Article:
Eton Mess Cake – Inspired by the classic dessert, this cake combines crisp meringues, sweetened cream, fresh berries – layered between an airy sponge cake. A new layer cake recipe by our contributor, Tessa Huff.
Traditionally, Eton Mess is a dessert served in a dish – not in cake or slice-form. A combination of crisp meringues, sweetened cream, and fresh berries, Eton Mess is a perfect balance of flavors and textures. Simple, fresh, and kind of “messy,” this classic British dessert is easy to throw together and versatile. You can event change it up by infusing the cream or swapping in any seasonal fruit you have on hand and you’re all set!
While Eton Mess was created with “simplicity” and “ease” in mind (assuming you keep meringue cookies on hand), this Eton Mess Cake takes it up a notch. The whipped cream, sweet fruit, and crunchy meringues pair so beautifully together, I thought why not transform the components of Eton Mess itself into a cake filling? Similar to a strawberry shortcake, this light and fresh layer cake is perfect for spring and the warmer months ahead.
In order to not weigh down the pillowy whipped cream and airy meringue, I created this variation of a sponge cake. Unlike other butter or pound cakes that can be rather dense, this cake is light, airy, yet still provides structure and stability within a sky-high layer cake. Once layered together, the crispy meringue bits nearly melt into the cream – each bite a perfect harmony of texture and sweetness. Fresh berries always seem synonymous with spring and summer to me, but feel free to use whatever fruit you have on hand!
To serve, carefully slice with a serrated knife. The cake should be served within about 30 minutes of assembly or refrigerated (loosely covered in plastic to prevent the exposed cake layers from drying out).
Eton Mess Cake
Inspired by the classic dessert, this cake combines crisp meringues, sweetened cream, fresh berries – layered between an airy sponge cake.
- Yield: One 8" Round Cake (4 layers)
- Category: ✽ ✽ ✽ ✽
For the Sponge Cake:
- 1 ¼ cup cake flour
- ½ teaspoon baking powder
- ½ teaspoon baking soda
- ¼ teaspoon salt
- 6 whole eggs
- 2 egg yolks (save whites for meringue)
- 1 cup granulated sugar
- 1 teaspoon vanilla extract
- 2 teaspoon lemon juice
- ¾ cup canola or vegetable oil
For the Meringues:
- 2 egg whites
- ¼ teaspoon cream of tartar
- ½ cup sugar
- ½ teaspoon vanilla extract
For the Whipped Cream:
- 2 cups heavy cream, chilled
- ¼ cup granulated sugar
- 1 teaspoon pure vanilla extract
For the Assembly:
- 3 to 4 cups fresh berries, washed and dried
Make the Cake:
- Preheat oven to 350 degrees. Grease and flour two 8-inch cake pans and set aside.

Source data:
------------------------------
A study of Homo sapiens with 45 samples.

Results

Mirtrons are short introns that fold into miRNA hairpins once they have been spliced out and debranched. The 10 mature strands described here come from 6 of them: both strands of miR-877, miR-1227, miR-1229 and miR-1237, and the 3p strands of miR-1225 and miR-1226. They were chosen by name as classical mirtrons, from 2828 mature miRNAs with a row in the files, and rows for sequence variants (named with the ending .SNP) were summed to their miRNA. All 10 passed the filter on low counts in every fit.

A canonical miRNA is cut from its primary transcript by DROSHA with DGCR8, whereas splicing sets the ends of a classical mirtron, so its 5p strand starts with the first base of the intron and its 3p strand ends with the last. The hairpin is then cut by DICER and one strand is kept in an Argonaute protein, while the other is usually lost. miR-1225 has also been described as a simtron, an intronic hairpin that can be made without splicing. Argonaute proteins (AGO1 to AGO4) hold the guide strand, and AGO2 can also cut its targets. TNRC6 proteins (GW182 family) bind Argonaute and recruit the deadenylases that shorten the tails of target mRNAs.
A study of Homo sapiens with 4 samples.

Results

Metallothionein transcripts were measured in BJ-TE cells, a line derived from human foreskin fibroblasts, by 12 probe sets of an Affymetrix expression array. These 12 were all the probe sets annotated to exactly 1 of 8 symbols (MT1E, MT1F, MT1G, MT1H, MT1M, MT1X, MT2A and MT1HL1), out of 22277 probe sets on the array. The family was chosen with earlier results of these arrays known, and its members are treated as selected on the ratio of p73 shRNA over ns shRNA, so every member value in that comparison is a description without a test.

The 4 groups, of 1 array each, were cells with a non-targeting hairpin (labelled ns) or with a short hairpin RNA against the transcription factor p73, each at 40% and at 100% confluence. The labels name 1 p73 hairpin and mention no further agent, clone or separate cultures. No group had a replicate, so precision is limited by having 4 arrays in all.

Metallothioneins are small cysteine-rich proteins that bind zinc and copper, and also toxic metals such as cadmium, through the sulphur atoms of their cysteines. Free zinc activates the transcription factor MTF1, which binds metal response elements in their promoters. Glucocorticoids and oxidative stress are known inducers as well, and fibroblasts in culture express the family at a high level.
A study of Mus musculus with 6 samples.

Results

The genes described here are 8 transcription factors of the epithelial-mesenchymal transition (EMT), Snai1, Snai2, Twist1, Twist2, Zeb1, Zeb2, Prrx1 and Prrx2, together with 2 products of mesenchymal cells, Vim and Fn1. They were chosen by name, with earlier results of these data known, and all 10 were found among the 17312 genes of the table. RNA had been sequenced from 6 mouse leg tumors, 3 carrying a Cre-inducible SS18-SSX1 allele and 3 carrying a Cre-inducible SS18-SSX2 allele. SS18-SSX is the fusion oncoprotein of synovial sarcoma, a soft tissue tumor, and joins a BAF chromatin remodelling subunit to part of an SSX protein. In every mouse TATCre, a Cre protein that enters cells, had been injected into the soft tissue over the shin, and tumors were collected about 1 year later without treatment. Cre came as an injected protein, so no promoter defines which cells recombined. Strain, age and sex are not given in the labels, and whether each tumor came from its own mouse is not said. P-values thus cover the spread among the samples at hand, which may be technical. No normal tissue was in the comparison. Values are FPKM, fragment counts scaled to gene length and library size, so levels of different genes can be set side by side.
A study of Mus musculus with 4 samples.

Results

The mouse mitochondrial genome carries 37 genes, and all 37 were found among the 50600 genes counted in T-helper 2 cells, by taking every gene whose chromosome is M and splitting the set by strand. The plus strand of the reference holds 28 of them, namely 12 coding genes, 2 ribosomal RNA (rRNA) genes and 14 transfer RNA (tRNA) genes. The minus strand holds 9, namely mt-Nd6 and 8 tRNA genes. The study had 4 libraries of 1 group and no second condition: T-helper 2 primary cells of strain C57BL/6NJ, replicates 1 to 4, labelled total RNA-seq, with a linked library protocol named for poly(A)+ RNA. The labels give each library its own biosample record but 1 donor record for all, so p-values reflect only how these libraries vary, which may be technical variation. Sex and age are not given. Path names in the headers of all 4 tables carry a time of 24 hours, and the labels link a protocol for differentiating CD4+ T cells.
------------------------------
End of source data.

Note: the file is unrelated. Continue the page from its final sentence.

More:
- Sift together the cake flour, baking powder, baking soda and salt. Set aside.
- In the bowl on an electric mixer, combine the whole eggs, egg yolks, sugar, and vanilla. Using the whisk attachment, beat on high for about 5 minutes or until the batter resembles pale ribbons.
- Stop the mixing and remove the mixing bowl form the stand. Sift the dry ingredients over the top of the batter. Whisk by hand until just barely combined.
- Pour in the lemon juice and oil and whisk by hand until combined (taking care to not deflate the batter as much as possible).
- Evenly distribute the batter between the two pans and bake for about 35 to 38 minutes or until a toothpick inserted into the center of the cake comes out clean.
- Let cool on a wire rack before removing the cakes from their pans
Make the Meringues:
- Preheat to oven to 215 degrees. Line a baking sheet with parchment paper and set aside.
- In the bowl of an electric mixer, place the egg whites and cream of tartar. Using the whisk attachment, begin whipping the whites on medium-low.
- Once the egg whites begin to foam, slowly add in the sugar and gradually increase the speed to medium-high.
- Continue to whip egg whites until stiff, glossy peaks. Add in the vanilla and mix for an additional 30 seconds until combined.
- Spoon about 2/3 of the meringue onto the parchment paper into disks (about 3 inches in diameter – these will be broken up, so no need for them to be perfect).
- Fill a piping bag fitted with a star tip with the remaining meringue. Pipe meringue “kisses” on the parchment (use two baking sheets if necessary).
- Bake the meringue for about 45 to 75 minutes, or until crisp on the outside and meringue can easily peel off the parchment.
Make the Whipped Cream:
- In the bowl on an electric mixer fitted with a whisk attachment, beat the cream on medium-high until it begins to thicken slightly.
- Gradually add in the sugar and vanilla and bump mixer up to high.
- Continue to whip the cream until medium-soft peaks.
Assemble the Cake:
- Once the cakes have cooled, carefully slice them in half (horizontally) using a long serrated knife.
- Break up the meringue disks and set aside.
- Place a bottom layer of cake on a cake plate or serving dish. Spread on 1/4 of the whipped cream.
- Top the cream with mixed berried and a generous amount of meringue pieces.
- Top with the next layer of cake and repeat until all cake layers are used.
- On the very top of the cake, spread on the remaining whipped cream. Top with berries and meringues kisses.
- Meringues can be made in advance and stored in an airtight container for four to five days at room temperature. If they become sticky or chewy, bake again for 10 minutes at 200 degrees to restore crispness.
- Whipped cream can be stabilized to hold consistency for up to 24 hours by adding 1 tablespoon Instant ClearJel to the sugar.
- Whipped cream can also be stabilized by sprinkling 1 teaspoon unflavored gelatin over the cream before beating.